Visitors to this week’s Newcastle Show can immerse themselves in the story of how Australia produces the greatest lamb in the world, from the farm to the consumer, through an immersive 360-degree virtual reality experience.
Meat and Livestock Australia’s (MLA) virtual reality Australian Lamb Paddock to Plate Story will be at the Newcastle Show from 1-3 March, as part of its three-month tour through NSW and the Australian Capital Territory.
The Paddock to Plate Story will also visit the Newcastle City Farmers Market on March 10 and attend local Hunter schools.
Any schools interested in receiving a visit who have not already registered are encouraged to apply via goodmeat.com.au/roadshow.
The Australian Lamb Paddock to Plate Story enables consumers to experience the industry through a virtual reality headset from the comfort of the Australian Good Meat Coach, taking them into the world of Australian sheep farming, transportation, processing, and end markets, such as butchers.
It builds on the huge success of MLA’s Australian Beef Paddock to Plate Story, which uses the same technology to share the beef production story with the community.
The video features lamb producer Michael Craig, from Harrow, Victoria, and other stakeholders from throughout the value chain including Paul Christopher, Manager of Horsham Regional Livestock Exchange; Mark Inglis, Farm Assurance and Supply Chain Manager, JBS, Brooklyn, Melbourne; and butcher, Gary McBean, Gary’s Quality Meats, Prahran Markets, Prahran.
Well-known Australian chef, restaurateur, presenter and food writer, Karen Martini, presents the virtual reality tour.
MLA Community Programs Communications Manager, Fiona Young, said since the launch of the Australian Beef Paddock to Plate Story at the EKKA in Brisbane in August 2017, more than 32,500 people had experienced Australia’s beef production system.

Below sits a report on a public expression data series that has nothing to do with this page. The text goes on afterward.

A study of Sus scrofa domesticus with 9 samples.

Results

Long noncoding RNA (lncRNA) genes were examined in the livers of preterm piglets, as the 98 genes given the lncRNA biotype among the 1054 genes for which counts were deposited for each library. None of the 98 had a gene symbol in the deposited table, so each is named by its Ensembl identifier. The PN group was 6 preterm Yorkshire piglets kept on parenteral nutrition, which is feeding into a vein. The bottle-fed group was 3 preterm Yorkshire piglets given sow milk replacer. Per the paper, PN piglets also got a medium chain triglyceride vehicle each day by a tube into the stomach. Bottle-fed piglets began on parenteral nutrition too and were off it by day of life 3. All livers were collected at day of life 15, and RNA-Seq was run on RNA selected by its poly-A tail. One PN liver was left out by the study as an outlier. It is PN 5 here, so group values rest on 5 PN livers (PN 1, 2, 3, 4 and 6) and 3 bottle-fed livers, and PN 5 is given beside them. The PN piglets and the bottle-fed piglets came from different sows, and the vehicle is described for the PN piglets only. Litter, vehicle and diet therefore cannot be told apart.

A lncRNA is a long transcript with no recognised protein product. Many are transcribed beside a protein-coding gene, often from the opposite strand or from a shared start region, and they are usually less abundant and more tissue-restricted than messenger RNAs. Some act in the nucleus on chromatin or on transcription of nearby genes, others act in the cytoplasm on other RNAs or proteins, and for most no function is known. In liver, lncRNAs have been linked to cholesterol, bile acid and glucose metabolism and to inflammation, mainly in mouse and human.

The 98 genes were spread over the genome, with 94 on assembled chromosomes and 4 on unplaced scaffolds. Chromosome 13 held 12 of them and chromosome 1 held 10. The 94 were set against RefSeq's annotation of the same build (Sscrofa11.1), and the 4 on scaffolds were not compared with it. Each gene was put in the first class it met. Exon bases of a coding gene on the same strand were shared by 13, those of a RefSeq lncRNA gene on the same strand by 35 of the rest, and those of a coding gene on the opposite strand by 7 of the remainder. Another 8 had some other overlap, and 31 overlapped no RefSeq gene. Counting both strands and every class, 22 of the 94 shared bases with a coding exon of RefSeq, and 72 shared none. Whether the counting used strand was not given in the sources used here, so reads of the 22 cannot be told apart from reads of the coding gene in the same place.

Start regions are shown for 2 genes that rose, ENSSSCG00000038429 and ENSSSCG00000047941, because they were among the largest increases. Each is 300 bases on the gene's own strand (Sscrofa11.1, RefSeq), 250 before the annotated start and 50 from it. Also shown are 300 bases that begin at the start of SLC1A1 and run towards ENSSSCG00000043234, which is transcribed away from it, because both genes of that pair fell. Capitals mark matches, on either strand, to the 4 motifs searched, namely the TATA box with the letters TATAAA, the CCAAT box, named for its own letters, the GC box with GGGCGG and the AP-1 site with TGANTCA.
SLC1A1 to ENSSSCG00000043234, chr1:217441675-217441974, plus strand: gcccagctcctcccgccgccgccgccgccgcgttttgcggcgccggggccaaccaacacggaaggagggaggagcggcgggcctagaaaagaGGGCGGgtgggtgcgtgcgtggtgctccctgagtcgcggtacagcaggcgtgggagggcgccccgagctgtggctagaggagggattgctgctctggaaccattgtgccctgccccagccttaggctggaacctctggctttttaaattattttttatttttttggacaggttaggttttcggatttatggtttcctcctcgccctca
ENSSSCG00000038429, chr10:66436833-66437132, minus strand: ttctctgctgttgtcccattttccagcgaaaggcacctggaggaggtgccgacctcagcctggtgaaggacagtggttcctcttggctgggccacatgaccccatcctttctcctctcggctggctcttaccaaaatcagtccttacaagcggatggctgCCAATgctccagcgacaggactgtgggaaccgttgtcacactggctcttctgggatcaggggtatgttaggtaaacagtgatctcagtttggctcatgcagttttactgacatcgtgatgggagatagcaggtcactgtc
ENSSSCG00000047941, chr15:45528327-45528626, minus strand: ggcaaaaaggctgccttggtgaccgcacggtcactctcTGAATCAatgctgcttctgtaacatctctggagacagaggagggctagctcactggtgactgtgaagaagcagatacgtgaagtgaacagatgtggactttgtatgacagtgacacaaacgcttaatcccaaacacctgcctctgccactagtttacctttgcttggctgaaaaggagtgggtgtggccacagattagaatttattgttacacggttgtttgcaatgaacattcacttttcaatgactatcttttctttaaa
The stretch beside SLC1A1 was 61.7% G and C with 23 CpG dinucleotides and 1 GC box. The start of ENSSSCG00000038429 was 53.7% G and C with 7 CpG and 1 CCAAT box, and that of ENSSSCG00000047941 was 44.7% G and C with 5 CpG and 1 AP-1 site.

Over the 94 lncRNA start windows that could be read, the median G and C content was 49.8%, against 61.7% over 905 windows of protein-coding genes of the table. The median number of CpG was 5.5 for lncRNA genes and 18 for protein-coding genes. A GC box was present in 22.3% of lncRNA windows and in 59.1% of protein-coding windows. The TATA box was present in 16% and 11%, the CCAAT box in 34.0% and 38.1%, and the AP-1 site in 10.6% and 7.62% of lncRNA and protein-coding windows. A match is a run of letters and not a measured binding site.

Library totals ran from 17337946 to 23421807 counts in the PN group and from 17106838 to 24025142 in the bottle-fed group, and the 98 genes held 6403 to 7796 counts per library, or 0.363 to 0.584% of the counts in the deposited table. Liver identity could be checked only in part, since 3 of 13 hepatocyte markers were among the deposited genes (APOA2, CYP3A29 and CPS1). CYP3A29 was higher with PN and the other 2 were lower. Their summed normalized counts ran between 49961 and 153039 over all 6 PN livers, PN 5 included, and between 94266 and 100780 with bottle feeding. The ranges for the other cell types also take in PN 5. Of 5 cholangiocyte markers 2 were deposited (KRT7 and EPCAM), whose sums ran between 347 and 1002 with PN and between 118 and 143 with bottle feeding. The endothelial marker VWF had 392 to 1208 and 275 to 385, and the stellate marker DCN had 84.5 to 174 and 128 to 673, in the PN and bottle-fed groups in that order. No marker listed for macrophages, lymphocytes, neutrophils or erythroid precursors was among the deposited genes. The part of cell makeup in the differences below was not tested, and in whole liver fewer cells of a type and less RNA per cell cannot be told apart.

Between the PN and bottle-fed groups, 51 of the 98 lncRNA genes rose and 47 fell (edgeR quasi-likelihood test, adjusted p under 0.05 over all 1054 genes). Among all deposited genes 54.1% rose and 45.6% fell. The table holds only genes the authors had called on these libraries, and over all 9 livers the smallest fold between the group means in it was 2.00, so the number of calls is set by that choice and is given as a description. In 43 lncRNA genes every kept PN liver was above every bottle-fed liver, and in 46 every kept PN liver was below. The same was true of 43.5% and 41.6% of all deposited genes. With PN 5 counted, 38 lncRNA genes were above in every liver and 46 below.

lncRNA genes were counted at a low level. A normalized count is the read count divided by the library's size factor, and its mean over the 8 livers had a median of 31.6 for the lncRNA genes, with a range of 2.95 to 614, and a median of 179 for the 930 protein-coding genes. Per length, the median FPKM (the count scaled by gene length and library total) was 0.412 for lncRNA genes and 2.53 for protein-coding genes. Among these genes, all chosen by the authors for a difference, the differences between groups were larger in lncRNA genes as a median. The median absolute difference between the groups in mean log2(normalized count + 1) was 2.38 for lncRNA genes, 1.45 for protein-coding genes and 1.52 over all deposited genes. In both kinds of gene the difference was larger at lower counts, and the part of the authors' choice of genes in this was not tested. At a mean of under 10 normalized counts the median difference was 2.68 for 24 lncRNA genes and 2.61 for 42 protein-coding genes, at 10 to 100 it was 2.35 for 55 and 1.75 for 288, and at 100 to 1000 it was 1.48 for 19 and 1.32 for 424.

“We’re now focused on showcasing Australia’s world-renowned lamb industry through this fully immersive and highly engaging resource, to continue to meet the rise in consumer interest in the provenance of food,” Ms Young said.
“Recent research for MLA shows that only about one in five meat eaters have a good understanding of the Australian red meat industry and there are now almost 20% fewer Australians from urban centres visiting cattle or sheep farms annually compared to eight years ago.
“The Lamb Paddock to Plate Story further demonstrates to consumers that the red meat industry is transparent and open. Community engagement and trust is integral to a sustainable and prosperous industry in the long-term.”
Any school or community event wishing to have the Paddock to Plate Story visit them can register their interest at goodmeat.com.au/roadshow.
The story Lamb 'Paddock to Plate' story to visit Hunter region first appeared on Farm Online.